One transnational company buying another should not come as a great surprise as this practice occurs weekly worldwide. However, when this company has a strong British tradition it becomes much more significant. The rumours that Mercedes are set to buy Aston Martin will come as a shock to many who see the manufacturer part of a rich British heritage of cars.
Such takeover could present some exciting new opportunities for Mercedes, as they look to protect themselves in an uncertain motor vehicle future. The news that vehicles are set for technological and ecological evolution is undeniably topical, bringing a long list of new challenges and opportunities for the motor industry. With Aston Martin stopping the production of the Cygnet model in 2013 due to poor sales, guaranteeing future sales would be of paramount importance. The iconic brand was sold by Ford and has since found itself lacking influential industry friends. If a takeover were to happen, Mercedes would certainly look to lower production costs, potentially moving production to its homeland, enabling the Aston Martin to become more competitive in price.
The current ‘Dream Factory’ in Gaydon would cease to produce the cars that have shaped a nation. Models like the Vantage S have proven to be extremely popular with a top speed 15mph higher than the previous model; testimony that the research and development has been effective in the past. This will greatly benefit Mercedes should the deal go ahead, combining the two design teams to enhance both products. However whether this would have a negative impact on Aston Martin cars would need to be assessed in the future.
The potential would even be there for an Aston Martin – Mercedes hybrid car with the high performance of both being combined. Even so, if these car were to ever be released to the public, car insurance would be worth getting just in case, whether it be from Kwik-Fit, GoCompare or another reputable brand.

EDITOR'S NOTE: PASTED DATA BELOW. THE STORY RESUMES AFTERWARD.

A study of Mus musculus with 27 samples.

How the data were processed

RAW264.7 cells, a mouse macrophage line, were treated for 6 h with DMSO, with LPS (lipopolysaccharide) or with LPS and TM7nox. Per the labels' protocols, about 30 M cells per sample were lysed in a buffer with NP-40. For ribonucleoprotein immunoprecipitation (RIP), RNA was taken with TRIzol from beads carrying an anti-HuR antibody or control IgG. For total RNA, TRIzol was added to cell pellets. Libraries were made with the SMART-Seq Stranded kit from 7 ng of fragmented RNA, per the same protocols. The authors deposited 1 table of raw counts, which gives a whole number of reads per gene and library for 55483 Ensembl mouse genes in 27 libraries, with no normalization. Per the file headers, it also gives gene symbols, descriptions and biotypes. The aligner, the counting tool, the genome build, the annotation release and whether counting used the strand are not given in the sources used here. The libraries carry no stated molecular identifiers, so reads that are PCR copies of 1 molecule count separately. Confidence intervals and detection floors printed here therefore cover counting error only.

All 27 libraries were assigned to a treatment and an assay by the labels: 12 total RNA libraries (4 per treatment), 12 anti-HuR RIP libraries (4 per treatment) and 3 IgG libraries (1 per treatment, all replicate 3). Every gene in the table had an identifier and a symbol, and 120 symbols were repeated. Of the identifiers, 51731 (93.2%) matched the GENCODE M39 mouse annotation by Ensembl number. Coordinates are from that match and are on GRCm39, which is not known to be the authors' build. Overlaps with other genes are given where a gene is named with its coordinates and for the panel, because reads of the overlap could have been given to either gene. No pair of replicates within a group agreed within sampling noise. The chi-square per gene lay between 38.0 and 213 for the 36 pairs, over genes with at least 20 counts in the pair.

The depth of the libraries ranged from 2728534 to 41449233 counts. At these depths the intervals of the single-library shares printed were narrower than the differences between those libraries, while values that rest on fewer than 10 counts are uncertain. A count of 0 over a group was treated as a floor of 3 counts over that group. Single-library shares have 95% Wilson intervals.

Perhaps a car with greener technology could be made, as these will be ever more important as the need for renewable technologies increases. The Mercedes powertrain has also proven to be the strongest so far in Formula One this year, combining energy recovery systems with traditional turbo internal combustion engines. Aston Martin CEO, Dr Ulrich Bez wrote the company into the history books by driving the first ever zero CO2 emissions lap of a race in March 2013 demonstrating their commitment to future technologies. It would appear that both companies have aspects to offer the other in car development.
Were Mercedes to keep the ‘Dream Factory’ as it has been dubbed in the past, then this could aid them to raise brand awareness in the UK. Whether this would make the investment viable is unknown at present, but it seems this would certainly provide Mercedes a platform to develop from while securing Aston Martin’s long-term future.
The primary goal for selling the company would be preservation in an increasingly competitive market place. With Mercedes bosses refusing to quash rumours this has only added fuel to the speculative fire. Already having a close working relationship between the two companies could aid any potential takeover, making the whole process efficient. Were the merge of the two to lead to a revival of the Lagonda model, the combination of the companies would only be seen as a good thing for enthusiasts.